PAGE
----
It greets me with a fresh labdanum, which is underscored by a peachy fruitiness and a smooth and bright incense, that is neither haughty nor ceremonious - reminding me of the sun-filled moments in the majestic brightness of Uppsala'a Cathedral. An ylang-ylang develops into another main player; it is trim and neither rich nor creamy. A lot of the brightness is due to backbone of sparkling aldehydes that permeate the whole.
A more floral phase is develops a bit later, with a strong green and light-filled tuberose very notable; this is not very waxy, only has a slightly resinous touch, and presents ass less creamy again that other versions of it in other olfactory products. A green jasmine as well as a rose note are joining in, with the rose a bit nonspecific on me; the jasmine grows into a more significant contributor to the mix.
Spicier components of this creation include a mildly crisp castoreum, which pairs with a nice and gently edgy high-quality oakmoss, which starts out timidly, but then develops to full glory only many hours later, and then with a slightly civety undercurrent. Hints of a slightly leathery undertone transiently appear, but is is a sandalwood that gradually makes itself known in the mix and that adds a woody feeling to the whole. By now the resinous aroma expresses nigh-campherous characteristics at times, and it becomes stronger towards the end instilling a bit more sweetness in the final stages. These stages are not neatly separated, but they merge into one another over time.
I get moderate sillage, excellent projection, and eight hours of longevity on my skin.
This is an unusual scent for warm autumn days in its unconventional combination of various disparate aspects of the perfumer's tool kit. It is spicy and has lots of incense, but it is bright too; it uses florals but also animalic touches - and it is quite original in blending and structuring. On the downside some of its components are a tad generic, and in the wave of numerous ingredients cannot full develop their characteristics or are overwhelmed by others - the rose especially on me - but some of very good quality. Overall 3.75/5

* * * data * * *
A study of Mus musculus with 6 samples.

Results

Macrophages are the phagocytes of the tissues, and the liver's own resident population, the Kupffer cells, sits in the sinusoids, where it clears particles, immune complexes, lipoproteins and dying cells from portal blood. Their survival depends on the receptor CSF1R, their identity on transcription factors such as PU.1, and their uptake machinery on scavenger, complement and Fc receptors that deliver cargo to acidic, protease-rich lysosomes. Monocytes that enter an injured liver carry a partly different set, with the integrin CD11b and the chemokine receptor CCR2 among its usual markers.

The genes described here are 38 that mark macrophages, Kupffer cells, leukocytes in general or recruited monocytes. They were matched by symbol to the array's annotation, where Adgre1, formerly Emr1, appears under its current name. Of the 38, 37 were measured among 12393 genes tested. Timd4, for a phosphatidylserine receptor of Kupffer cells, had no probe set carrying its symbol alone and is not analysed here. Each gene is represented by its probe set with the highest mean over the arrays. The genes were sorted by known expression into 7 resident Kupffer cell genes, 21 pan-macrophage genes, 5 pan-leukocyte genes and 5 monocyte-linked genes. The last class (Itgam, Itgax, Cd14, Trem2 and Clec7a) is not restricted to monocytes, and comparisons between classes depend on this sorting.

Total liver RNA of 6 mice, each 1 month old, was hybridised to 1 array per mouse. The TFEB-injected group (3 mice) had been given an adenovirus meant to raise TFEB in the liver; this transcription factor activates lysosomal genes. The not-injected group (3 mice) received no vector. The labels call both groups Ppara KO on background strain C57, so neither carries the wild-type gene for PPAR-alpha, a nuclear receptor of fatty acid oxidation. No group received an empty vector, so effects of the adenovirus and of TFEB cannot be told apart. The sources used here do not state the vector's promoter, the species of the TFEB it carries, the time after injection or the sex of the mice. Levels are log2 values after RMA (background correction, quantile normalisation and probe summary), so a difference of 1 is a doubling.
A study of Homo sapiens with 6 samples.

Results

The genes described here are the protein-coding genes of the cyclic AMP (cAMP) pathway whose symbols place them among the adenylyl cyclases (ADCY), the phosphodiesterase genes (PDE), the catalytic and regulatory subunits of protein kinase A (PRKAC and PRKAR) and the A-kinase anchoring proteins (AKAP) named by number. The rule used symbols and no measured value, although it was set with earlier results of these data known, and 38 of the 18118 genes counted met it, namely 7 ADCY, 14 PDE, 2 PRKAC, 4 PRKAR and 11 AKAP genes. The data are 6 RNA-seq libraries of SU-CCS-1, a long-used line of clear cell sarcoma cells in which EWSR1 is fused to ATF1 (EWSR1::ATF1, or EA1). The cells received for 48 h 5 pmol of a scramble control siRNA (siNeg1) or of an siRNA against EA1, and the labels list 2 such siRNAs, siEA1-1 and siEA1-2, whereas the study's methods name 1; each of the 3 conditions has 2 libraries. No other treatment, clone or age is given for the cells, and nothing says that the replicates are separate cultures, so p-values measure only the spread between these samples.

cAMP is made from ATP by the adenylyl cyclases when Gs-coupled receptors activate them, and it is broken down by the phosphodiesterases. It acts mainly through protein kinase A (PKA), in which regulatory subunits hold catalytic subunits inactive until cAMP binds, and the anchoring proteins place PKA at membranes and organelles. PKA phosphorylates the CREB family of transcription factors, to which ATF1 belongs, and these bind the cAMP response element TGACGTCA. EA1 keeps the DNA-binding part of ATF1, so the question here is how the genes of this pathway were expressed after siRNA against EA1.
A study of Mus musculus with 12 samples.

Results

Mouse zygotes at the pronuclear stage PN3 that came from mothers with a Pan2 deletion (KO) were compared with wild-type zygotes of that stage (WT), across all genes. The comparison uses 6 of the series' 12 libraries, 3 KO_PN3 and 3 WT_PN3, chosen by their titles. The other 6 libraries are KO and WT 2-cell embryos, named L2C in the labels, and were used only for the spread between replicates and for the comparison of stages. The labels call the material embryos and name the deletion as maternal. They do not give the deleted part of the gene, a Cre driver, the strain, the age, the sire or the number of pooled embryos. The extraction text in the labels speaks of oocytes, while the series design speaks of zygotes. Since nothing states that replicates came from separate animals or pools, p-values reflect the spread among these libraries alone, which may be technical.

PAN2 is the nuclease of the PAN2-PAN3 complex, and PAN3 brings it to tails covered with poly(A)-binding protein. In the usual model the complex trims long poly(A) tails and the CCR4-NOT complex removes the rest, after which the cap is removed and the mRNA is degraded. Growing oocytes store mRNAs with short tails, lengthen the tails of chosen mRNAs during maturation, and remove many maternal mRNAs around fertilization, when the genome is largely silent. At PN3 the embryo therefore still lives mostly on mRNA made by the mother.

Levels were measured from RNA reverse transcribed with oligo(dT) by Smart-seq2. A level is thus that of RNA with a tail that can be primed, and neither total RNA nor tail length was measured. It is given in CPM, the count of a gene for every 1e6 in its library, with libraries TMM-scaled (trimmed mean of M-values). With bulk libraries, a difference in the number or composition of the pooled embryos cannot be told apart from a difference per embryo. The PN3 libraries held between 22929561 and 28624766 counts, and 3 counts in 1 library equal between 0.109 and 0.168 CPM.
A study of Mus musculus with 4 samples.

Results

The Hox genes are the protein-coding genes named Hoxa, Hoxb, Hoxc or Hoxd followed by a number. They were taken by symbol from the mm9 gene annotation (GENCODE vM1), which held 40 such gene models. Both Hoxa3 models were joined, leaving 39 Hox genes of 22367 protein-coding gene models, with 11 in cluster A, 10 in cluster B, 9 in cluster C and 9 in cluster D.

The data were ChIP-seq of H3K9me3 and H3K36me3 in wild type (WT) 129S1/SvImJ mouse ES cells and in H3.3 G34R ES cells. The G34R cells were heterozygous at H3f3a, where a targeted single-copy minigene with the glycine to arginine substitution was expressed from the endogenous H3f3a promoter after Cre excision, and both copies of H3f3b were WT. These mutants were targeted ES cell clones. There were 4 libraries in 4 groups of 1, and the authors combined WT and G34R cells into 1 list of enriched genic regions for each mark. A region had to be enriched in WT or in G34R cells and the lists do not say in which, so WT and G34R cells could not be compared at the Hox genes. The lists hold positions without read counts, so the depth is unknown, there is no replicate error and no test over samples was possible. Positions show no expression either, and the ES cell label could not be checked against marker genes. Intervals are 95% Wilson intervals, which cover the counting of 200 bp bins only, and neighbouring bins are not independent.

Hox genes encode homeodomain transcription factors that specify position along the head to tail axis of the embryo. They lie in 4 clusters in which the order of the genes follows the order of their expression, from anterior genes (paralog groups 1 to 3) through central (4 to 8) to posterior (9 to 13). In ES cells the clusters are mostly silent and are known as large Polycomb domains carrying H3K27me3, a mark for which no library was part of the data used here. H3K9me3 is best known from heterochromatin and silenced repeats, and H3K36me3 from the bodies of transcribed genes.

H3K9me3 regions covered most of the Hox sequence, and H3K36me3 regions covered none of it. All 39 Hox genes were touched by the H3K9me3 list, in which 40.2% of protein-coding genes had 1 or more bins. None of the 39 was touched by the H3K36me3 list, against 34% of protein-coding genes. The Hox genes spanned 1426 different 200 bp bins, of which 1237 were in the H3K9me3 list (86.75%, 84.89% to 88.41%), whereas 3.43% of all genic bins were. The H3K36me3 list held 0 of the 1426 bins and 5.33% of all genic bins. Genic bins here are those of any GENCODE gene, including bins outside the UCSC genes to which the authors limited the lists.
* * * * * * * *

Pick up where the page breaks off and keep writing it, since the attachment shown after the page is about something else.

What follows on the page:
I could start by identifying MAAI as a floral chypre diva. I could note the contrast between its soapy aldehydes with smears of dark animalic musks. I could describe its soaring, brassy florals in more depth, so on and so forth. But others here have already done it so well.
As such, I will instead describe how MAAI makes me feel - like a member of the aristocracy sporting a choker of glittering, fat, blood red rubies during the French Revolution. Qu'ils mangent de la brioche indeed.
If you like the stinky aromatics of Jicky and the spicy funk of Cuba, you'll probably like this.
Maai is a contrast of antiseptics and brown dirt noise: cypress, eucalyptus, camphor and bay; and on the other side animal and balsamic notes.
And it would make sense if there were oud at its core, it would tie everything together.
There is also an outlier of dried fruit, with a gourmand hint of sweetness, and nuances of metal, wood and canvas.
At first, to my mind, it evoked a field hospital in the chaotic mud of Flanders.
But the radiance it gives off is more diffuse than that, a cool fruity aldehyde.
The drydown is a patchouli chypre with a lot of civet, which makes this bizarre scent actually quite traditional.
And only now - having looked online - it turns out that Maai is a Japanese word. It means the defensive space between two opposing enemies. Or, in this context, No Man's Land.
IF I had never smelled the original version of MAAI, I would appreciate this scent all the more. Unfortunately, I bought a bottle when it first came out, and its strikingly green and resiny animalic qualities floored me. Now however, this wild cat of the jungle has returned from the vet minus its testicles and claws and wearing a plastic cone of shame.
MAAI is still an interesting and lovely 'fume, highlighting some musky florals (primarily tuberose), undergirded with spicy, soapy woods. It's even a bit aftershave-y in an old school way, but it ain't a patch on what it used to be. So know that when you read reviews referencing and reveling in its strikingly animalic nature, you're hearing about a beast from the past, now sadly neutered and safe for the furniture.
To me this was a MACHO male scent, and I rarely characterize any scent as gender-specific. I came of perfume age in the blasts of the overblown 1980's.To me this smelled like the skanky too-old guys still at the bar at last call. The initial charred animalistic smokiness almost did me in. It did mellow but the unpleasant almost metallic civit ran the other fainter of heart ambers and florals away leaving a little puff of an old fire pit the morning after camping.